Wandering is a common issue in people living with dementia, affecting 20% of people living with dementia out in the community and 60% of those in long-term care settings. There are 3 types of wandering behavior. The first is elopement, where a person is trying to escape from an unfamiliar environment—you may see this in long-term care settings where someone is trying to leave the unit. The second is repetitive pacing and the third is becoming lost. Twenty percent of the people with dementia who wander die before they are found.

Development of Wandering Behavior

The development of wandering behavior increases as the dementia worsens—usually starting in the moderate stage, where the person can still perform many self-care activities but can no longer live independently. Wandering behavior can occur in any of the dementias. Wandering can be triggered by a desire to escape from an unfamiliar setting—the elopement I mentioned a few minutes ago. Wandering behavior can occur because the person living with dementia is seeking social interaction or is looking for someone, like a specific family member. When people living with dementia go back in time, they may be searching for a parent or sibling who may have passed away some time ago. Sometimes, people living with dementia feel restless or are bored, and so they start to walk around. Other times, they may believe that they are still employed and are attempting to travel to their job.

Wandering Risk

How do you know if your loved one is at risk for wandering? Taylor Thomas and Aaron Ritter, who work in people living with dementia, recommend asking yourself these 2 questions:

  1. Has your family member ever wandered away from their home?
  2. Has your family member ever gotten lost while in public?

If the answer is “yes” to either of these questions, it is important to develop a neighborhood awareness and safety plan, which I’m going to describe below. If the answer to either question is “no,” there are a few more things to consider. Does your family member seem disoriented at home or ask to go home even when they are already there? Does your family member become nervous in public or believe they still work somewhere? Does your family member ask where other relatives are, especially relatives that are no longer alive? If the answer to any of these questions is yes, it would be a good idea to develop a neighborhood awareness and safety plan.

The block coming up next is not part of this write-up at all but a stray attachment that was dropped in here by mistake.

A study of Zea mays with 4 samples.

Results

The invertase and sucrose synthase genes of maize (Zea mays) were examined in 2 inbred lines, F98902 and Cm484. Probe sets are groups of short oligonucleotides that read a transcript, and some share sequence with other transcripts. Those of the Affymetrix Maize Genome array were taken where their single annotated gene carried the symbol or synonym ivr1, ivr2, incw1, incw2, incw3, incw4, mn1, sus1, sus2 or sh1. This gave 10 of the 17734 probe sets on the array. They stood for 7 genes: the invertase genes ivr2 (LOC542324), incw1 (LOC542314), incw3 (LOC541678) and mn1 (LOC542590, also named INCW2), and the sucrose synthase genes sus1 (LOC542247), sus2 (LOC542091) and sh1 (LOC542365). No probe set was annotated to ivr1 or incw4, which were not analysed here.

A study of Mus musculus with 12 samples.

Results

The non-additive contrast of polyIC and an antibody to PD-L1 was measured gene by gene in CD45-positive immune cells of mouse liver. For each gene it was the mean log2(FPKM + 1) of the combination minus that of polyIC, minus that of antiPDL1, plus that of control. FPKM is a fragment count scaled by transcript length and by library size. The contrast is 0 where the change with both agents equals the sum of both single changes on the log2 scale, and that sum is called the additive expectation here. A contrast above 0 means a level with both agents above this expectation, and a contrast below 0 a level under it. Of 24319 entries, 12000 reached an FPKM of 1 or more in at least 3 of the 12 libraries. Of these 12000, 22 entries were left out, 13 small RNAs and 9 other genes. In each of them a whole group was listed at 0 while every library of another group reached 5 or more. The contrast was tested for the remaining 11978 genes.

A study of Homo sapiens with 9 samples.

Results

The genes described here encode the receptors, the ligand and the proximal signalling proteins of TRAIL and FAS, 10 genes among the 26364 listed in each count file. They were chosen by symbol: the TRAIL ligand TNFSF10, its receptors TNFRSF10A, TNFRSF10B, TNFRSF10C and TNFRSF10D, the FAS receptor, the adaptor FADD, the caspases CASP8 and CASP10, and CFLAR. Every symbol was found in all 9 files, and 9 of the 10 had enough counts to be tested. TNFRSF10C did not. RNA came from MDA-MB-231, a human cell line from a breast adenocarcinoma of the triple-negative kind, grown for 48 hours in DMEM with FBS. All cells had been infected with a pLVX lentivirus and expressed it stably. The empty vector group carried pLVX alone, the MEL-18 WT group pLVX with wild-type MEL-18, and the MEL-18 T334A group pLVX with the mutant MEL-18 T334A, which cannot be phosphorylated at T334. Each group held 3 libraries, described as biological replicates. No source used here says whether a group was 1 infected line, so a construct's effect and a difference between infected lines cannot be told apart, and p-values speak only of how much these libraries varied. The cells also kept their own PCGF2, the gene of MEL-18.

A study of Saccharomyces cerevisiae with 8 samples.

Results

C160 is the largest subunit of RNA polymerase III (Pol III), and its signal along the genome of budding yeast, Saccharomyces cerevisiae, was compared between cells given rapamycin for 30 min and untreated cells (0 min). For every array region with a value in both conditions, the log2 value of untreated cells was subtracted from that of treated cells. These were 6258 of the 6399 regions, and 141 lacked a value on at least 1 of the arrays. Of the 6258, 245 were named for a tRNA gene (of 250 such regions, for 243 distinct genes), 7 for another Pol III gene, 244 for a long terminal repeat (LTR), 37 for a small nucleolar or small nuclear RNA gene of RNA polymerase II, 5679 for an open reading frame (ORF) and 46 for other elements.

Safety Plan

The Alzheimer’s Association has some great resources for creating a neighborhood awareness and safety plan. First, find out if your city or county has a safe return service, like Project Lifesaver or MedicAlert. You can go to the Alzheimer’s Association website and enroll in a safe return service through their partnership with MedicAlert.  You should also let neighbors know that your loved one has dementia so that they can call you if they see your family member outside. Keep a list of places they are likely to wander to, like a previous home or worksite. Also, have a recent photograph available. Both of these items will help police locate your loved one should they wander off.  If your family member does wander, Thomas and Ritter suggests alerting police no more than 15 minutes after you notice them missing, immediately search areas favoring the direction of the dominant hand, and focusing the search within 1.5 miles of the home. The Alzheimer’s Association also recommends checking ponds, tree lines or fence lines because many people are located within brush.


There are steps you can take to prevent or minimize wandering. First, make sure that your family member gets plenty of exercise during the day, especially walks outside, weather permitting. It also helps to have safe areas for walking both inside and outside the home. You can use black tape or paint to create a 2-foot rectangle in front of a door, which may serve as a visual barrier—the person doesn’t want to step in the “hole.” Other ideas include camouflaging doors with curtains or posters of bookshelves, covering door handles with cloth the same color as the door, and placing deadbolt locks out of the line of sight, either high or low, on exterior doors. Use night lights. Other strategies include putting alarms or bells on doors to let you know that a door is being opened, and placing a pressure-sensitive mat in front of a door and at the person’s bedside to let you know if they are on the move.

Make sure the environment is calm and without excessive noise, which can cause stimulation and the desire to exit. I recommend keeping the bathroom door open and other doors closed, and keeping the light on in the bathroom even during the day to “steer” them in the right direction. You may also want to remove items that can trigger a person’s desire to leave, such as coats, keys, pocketbooks, and wallets. Finally, never leave a person living with dementia alone in a car.

Bottom Line

Wandering behavior is dangerous for people living with dementia. The time to plan is BEFORE wandering behavior becomes an issue.


Dr. Rita Jablonski

Rita Jablonski, PhD, CRNP, FAAN, FGSA is a nurse practitioner, researcher, tenured professor, and former family caregiver. Her research and practice involve all aspects of dementia management; she is best known for non-drug strategies to address dementia-related behaviors.